News and Music Discovery
Play Live Radio
Next Up:
0:00 0:00
Available On Air Stations

Ukraine Intelligence Agents: We Staged Killing Of Russian Journalist, Who Is Alive


The reports of my death have been greatly exaggerated. The popular misquote of Mark Twain seems appropriate for our next story. Those are words Russian journalist Arkady Babchenko could have used today. NPR's Lucian Kim reports on how the journalist's supposed murder has once again pitted Ukraine against its Russian neighbor.

LUCIAN KIM, BYLINE: The news broke late Tuesday evening in Kiev. Arkady Babchenko, a Russian journalist and vocal critic of the Kremlin, had been shot dead at his apartment in the Ukrainian capital.


UNIDENTIFIED PERSON: (Foreign language spoken).

KIM: The TV news report sounded horrible. Babchenko, who had fled Russia after being threatened by Russian lawmakers, had been murdered in cold blood after returning home after buying a loaf of bread. Ukraine Prime Minister Volodymyr Groysman pinned responsibility for the murder on what he called the Russian totalitarian machine, and colleagues poured out their emotions at interviews and on social media.


YEVGENIA ALBATS: (Foreign language spoken).

KIM: Yevgenia Albats, one of Babchenko's former editors, told a Moscow radio station that now every Russian journalist was in mortal danger. A familiar blame game began, with the Kremlin saying the Ukrainians had barely begun their investigation but were already pointing the finger at Moscow.


SERGEY LAVROV: (Foreign language spoken).

KIM: Foreign Minister Sergey Lavrov called Babchenko's death a tragedy. He said accusations against Russia were groundless, just like the claims that Russia had poisoned a former Russian double agent in England or had been involved in the downing of a Malaysian passenger plane over eastern Ukraine. Dmitry Peskov, Putin's spokesman, accused the Ukrainians of the height of cynicism. And Russian investigators even offered their services to their Ukrainian colleagues, since Babchenko was a Russian citizen.

In fact, the Ukrainian authorities don't exactly have a great record in clearing up contract killings. Two years ago, Russian journalist Pavel Sheremet died in a car bombing on a Kiev street, and the case still hasn't been solved. This time, however, the Ukraine police produced a sketch of Babchenko's killer in no time. And the SBU, Ukraine's security agency, scheduled a press conference on the murder for Wednesday. Journalists who showed up were stunned when SBU Chief Vasyl Hrytsak suddenly introduced a supposed victim, Arkady Babchenko, alive and unhurt.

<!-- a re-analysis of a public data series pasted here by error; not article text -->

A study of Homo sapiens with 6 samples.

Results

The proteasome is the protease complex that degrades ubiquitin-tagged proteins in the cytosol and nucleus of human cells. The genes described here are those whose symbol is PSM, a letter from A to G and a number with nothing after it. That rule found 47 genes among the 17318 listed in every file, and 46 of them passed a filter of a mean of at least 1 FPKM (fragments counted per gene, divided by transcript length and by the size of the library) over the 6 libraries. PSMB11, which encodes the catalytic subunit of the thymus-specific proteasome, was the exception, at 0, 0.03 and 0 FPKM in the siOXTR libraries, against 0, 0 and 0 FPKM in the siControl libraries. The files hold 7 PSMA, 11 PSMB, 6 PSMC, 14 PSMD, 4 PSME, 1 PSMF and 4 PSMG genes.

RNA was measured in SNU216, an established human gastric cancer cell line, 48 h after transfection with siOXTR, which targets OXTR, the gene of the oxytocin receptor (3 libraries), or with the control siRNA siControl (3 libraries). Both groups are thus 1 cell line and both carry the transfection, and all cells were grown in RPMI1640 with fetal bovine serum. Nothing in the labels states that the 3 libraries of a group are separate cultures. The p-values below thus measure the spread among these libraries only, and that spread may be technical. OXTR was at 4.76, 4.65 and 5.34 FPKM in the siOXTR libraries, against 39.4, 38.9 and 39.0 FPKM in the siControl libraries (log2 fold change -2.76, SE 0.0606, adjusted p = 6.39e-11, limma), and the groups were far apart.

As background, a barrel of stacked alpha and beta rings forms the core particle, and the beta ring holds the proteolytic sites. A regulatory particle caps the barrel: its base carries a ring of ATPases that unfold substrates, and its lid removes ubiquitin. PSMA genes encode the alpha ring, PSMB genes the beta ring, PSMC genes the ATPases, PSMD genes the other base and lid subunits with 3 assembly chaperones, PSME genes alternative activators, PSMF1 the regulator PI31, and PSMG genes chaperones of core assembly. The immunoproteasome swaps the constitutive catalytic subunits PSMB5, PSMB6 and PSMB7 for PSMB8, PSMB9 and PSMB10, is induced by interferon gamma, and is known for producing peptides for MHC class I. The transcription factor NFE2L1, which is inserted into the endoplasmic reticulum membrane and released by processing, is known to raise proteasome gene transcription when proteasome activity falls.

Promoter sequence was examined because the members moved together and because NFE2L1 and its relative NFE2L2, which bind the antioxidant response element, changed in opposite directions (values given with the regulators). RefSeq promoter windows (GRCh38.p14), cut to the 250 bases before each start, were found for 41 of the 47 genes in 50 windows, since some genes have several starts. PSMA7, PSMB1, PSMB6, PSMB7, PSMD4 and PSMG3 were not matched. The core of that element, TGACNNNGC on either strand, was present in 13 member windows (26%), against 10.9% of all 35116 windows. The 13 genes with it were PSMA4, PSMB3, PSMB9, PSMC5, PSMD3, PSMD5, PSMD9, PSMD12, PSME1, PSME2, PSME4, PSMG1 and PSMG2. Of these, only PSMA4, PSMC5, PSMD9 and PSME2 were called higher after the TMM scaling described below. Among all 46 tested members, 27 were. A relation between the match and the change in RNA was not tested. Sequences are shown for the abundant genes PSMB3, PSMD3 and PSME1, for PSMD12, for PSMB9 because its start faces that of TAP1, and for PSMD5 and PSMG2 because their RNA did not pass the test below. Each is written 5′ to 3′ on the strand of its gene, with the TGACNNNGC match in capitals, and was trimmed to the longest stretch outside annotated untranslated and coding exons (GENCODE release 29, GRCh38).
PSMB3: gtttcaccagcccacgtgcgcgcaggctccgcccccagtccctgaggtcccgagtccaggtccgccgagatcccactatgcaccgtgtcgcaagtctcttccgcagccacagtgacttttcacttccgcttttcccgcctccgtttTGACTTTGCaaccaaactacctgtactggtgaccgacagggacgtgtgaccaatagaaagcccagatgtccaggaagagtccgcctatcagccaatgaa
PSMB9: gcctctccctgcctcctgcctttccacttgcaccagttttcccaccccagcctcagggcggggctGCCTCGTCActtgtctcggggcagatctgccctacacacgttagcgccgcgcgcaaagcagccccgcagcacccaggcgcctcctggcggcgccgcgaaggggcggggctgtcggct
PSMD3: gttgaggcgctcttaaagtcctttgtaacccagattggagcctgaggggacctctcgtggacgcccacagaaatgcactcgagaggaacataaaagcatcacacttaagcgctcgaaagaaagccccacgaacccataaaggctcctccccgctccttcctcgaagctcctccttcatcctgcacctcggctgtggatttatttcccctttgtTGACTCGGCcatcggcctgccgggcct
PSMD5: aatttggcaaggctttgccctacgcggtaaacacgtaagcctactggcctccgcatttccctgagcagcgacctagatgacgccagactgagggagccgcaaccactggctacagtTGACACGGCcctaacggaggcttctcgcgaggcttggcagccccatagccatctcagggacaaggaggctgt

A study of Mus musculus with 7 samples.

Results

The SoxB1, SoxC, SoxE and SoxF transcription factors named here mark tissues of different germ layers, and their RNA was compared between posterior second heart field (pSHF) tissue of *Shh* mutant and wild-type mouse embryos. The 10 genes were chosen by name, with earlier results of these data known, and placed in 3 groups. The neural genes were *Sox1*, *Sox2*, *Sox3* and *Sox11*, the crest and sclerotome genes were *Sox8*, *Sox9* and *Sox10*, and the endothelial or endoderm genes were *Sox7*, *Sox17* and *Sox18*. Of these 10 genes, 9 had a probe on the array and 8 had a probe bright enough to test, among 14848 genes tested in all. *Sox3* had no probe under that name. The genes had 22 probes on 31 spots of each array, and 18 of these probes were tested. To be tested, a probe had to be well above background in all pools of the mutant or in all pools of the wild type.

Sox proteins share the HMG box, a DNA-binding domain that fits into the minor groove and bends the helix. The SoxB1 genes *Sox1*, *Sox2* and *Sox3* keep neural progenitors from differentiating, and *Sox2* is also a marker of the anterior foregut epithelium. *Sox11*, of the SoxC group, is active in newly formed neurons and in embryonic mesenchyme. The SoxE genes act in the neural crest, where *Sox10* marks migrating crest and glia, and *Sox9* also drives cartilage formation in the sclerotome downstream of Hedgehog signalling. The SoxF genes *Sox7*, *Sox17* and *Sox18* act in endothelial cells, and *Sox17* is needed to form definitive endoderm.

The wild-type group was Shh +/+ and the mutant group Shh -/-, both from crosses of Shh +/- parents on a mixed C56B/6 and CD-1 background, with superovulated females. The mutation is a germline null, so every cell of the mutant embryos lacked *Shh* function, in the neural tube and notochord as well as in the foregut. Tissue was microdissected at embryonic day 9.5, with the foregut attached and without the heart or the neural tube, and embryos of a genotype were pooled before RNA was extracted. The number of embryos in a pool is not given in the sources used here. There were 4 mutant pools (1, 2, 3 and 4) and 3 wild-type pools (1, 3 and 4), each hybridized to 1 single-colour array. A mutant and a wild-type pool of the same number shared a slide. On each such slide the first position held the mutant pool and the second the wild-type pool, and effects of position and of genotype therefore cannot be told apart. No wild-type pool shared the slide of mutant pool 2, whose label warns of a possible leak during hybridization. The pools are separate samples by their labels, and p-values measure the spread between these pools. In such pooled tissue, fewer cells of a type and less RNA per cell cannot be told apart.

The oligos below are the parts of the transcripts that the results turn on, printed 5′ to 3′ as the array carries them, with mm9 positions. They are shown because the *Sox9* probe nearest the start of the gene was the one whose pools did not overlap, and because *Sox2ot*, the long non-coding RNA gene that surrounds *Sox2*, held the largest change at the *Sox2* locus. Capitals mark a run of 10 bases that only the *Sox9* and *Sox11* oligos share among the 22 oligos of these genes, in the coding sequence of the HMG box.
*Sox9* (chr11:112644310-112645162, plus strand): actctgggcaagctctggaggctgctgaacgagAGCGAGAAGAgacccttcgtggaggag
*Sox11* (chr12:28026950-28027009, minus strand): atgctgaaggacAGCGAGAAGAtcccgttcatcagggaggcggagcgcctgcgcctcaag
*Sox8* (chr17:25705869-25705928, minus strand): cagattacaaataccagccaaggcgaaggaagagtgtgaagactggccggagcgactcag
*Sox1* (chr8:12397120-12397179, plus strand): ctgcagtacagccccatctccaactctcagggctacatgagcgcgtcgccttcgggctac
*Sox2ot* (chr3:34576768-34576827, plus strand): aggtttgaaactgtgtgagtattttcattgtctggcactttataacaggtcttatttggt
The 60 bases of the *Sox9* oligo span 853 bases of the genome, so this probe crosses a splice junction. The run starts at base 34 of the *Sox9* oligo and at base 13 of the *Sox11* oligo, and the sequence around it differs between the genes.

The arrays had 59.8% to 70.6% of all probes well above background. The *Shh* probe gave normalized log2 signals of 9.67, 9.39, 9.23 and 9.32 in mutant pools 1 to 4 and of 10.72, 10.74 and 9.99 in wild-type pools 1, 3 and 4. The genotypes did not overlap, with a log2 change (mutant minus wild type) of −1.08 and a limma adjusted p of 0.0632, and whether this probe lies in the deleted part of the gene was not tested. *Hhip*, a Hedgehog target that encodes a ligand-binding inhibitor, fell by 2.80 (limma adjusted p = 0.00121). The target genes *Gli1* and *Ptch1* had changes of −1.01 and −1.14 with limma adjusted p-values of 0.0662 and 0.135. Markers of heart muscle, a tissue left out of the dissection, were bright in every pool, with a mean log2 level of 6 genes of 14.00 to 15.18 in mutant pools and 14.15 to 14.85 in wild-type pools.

Babchenko's murder had been faked, Hrytsak said, to uncover an actual plot against him by Russian intelligence. Babchenko said the sting operation was so secret that not even his own wife knew about it.


ARKADY BABCHENKO: (Foreign language spoken).

KIM: Babchenko apologized to his wife, Olga, for the hell he had put her through but said he didn't have an option. Reaction to the news has been mixed. Some of Babchenko's colleagues said they were relieved he was alive but concerned that he had damaged the credibility of their profession. Reporters Without Borders expressed its deepest indignation with the Ukrainian Security Service for using a journalist to play with the facts. Lucian Kim, NPR News, Moscow. Transcript provided by NPR, Copyright NPR.

Lucian Kim is NPR's international correspondent based in Moscow. He has been reporting on Europe and the former Soviet Union for the past two decades.